Chatsfield's Ultimate Acquisition

By: Melanie Milburne

CHAPTER ONE

NOWHERE ON ISABELLE’S list of things to do before The Meeting was there any mention of cleaning up a fur ball. She looked at Atticus in dismay. ‘You do this to me now?’

Atticus purred as he indolently lifted a front paw to groom as if to say, What is your problem?

Isabelle blew out a flustered breath. ‘Why didn’t you do this yesterday when I had time to take you to the vet? Why today, when I’ve got a hundred people filing into the boardroom—’ she glanced at her watch and groaned ‘—like in about five minutes. Argh!’

She pictured the Chatsfield clan striding in—Gene and his eight adult children...and Gene’s nephew Spencer Chatsfield and his two younger brothers. Even thinking Spencer’s name made her blood boil. As if what he’d done ten years ago hadn’t been enough. How could she have fallen for someone so hard and so fast when he’d only been playing a game? That was what made her veins throb and pulse with rage. She had been too stupid to see him for what he was. Too gullible and naive to see he was toying with her because he could, not because he wanted to.

Seven months ago he had come breezing back into her life with a takeover offer. A takeover offer! As if she would ever sell anything to him.

But he was up to his old tricks, somehow in the interim gaining forty-nine per cent of the Harrington shares. But at least they were equals now. She had the other forty-nine so he would have his work cut out trying to get them off her.

To get anything off her, including her clothes— especially her clothes.

‘I should’ve brought home the smooth-haired tortoiseshell,’ Isabelle said as she gingerly picked up the fur ball in a tissue. ‘What was I thinking getting a hair machine like you?’

Atticus blinked his green eyes and then lifted his back leg into a position Isabelle as a wannabe yogi could only envy.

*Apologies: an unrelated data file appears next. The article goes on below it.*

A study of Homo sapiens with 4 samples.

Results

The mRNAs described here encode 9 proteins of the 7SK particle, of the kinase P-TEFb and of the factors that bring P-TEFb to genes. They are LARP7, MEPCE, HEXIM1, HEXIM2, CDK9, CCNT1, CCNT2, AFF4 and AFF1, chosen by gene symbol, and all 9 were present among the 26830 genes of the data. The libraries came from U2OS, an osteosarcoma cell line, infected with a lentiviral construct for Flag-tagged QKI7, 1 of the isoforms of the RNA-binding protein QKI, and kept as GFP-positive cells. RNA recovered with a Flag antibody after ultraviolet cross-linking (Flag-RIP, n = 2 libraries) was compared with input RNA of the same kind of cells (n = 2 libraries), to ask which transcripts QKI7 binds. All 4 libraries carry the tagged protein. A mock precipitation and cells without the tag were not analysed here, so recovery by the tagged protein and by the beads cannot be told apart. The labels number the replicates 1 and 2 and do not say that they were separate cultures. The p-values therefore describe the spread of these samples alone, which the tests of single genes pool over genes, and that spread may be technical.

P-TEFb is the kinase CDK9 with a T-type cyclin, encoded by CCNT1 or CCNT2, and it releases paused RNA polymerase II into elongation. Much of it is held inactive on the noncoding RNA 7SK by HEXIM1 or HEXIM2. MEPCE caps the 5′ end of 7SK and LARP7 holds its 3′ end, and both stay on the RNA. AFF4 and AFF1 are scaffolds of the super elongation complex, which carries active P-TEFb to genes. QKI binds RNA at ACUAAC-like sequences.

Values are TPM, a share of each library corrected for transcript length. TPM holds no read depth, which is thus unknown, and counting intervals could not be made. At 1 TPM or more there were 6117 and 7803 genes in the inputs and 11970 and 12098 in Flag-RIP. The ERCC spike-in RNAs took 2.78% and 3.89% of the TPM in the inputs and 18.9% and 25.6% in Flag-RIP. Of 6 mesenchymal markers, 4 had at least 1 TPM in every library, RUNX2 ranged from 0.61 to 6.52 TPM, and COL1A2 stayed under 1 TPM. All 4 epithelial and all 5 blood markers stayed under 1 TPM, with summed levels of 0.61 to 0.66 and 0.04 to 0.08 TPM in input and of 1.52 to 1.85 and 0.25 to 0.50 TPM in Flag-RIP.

‘Or a dog.’ She flushed the fur ball in the ensuite toilet. ‘One of those cute little yappy purse ones. That’s if dogs were allowed at The Harrington.’ She quickly checked her reflection in the mirror, grimacing at the way her layered hair hadn’t sat quite the way she’d wanted it to. ‘Or any pet for that matter. You should think yourself lucky I bent the rules to sneak you in.’

She came back out and looked down at her blue-grey Persian cat again. ‘Are you sure you’re not going to choke to death while I head downstairs?’

Atticus blinked again and mewed. ‘Purrht.’

Isabelle snatched up her bag and phone. ‘I hope to God that wasn’t a yes.’

* * *

Isabelle saw him as soon as she entered the boardroom. He was sitting to the left of his brothers, Ben and James. Dressed in a sharply tailored designer charcoal-grey suit, with an ice-white shirt and black-and-silver-striped tie, he looked every inch the corporate player. Wheeling and dealing was his forte. He thrived on the challenge of the game, be it in the boardroom or the bedroom...especially in the bedroom. Damn him.

His sapphire-blue eyes met hers across the space that divided them, making something punch against her heart like the jab of an elbow. His expression was inscrutable. But he’d always had the amazing ability to cloak what he was thinking behind a mask of marble or an enigmatic smile. Unlike her. Over the years she’d trained herself not to be so transparent. But it took so much energy to contain her emotions. Controlling them was like trying to bail out a wave-swamped dingy with a thimble.

She raised her chin and shifted her gaze to encompass the assembled family and hotel management staff. ‘I’m sorry I’m late. I was held up with a...a housekeeping issue.’

Leonard Steinberg, the business manager who was chairing the meeting, gave her a smile. ‘All sorted now, I hope?’

‘Absolutely.’ Isabelle looked at the one vacant chair on the other side of the table from Spencer. ‘Who are we waiting for?’

‘The mystery shareholder,’ Spencer Chatsfield said, clicking his pen on and off as his gaze tethered hers.

Isabelle suppressed a shiver as that cultured baritone with its English accent moved down her spine like a caress. She had to focus. This was the moment the Chatsfield family were waiting for, the moment when the final two per cent would be brought back to the table. She knew exactly who was going to walk through that door. Had known for quite some time. Had known and wondered how no one else had put the pieces of the puzzle together before now. The blowout in the press would be monumental. The Chatsfields were good at attracting scandals but this one was going to top the lot.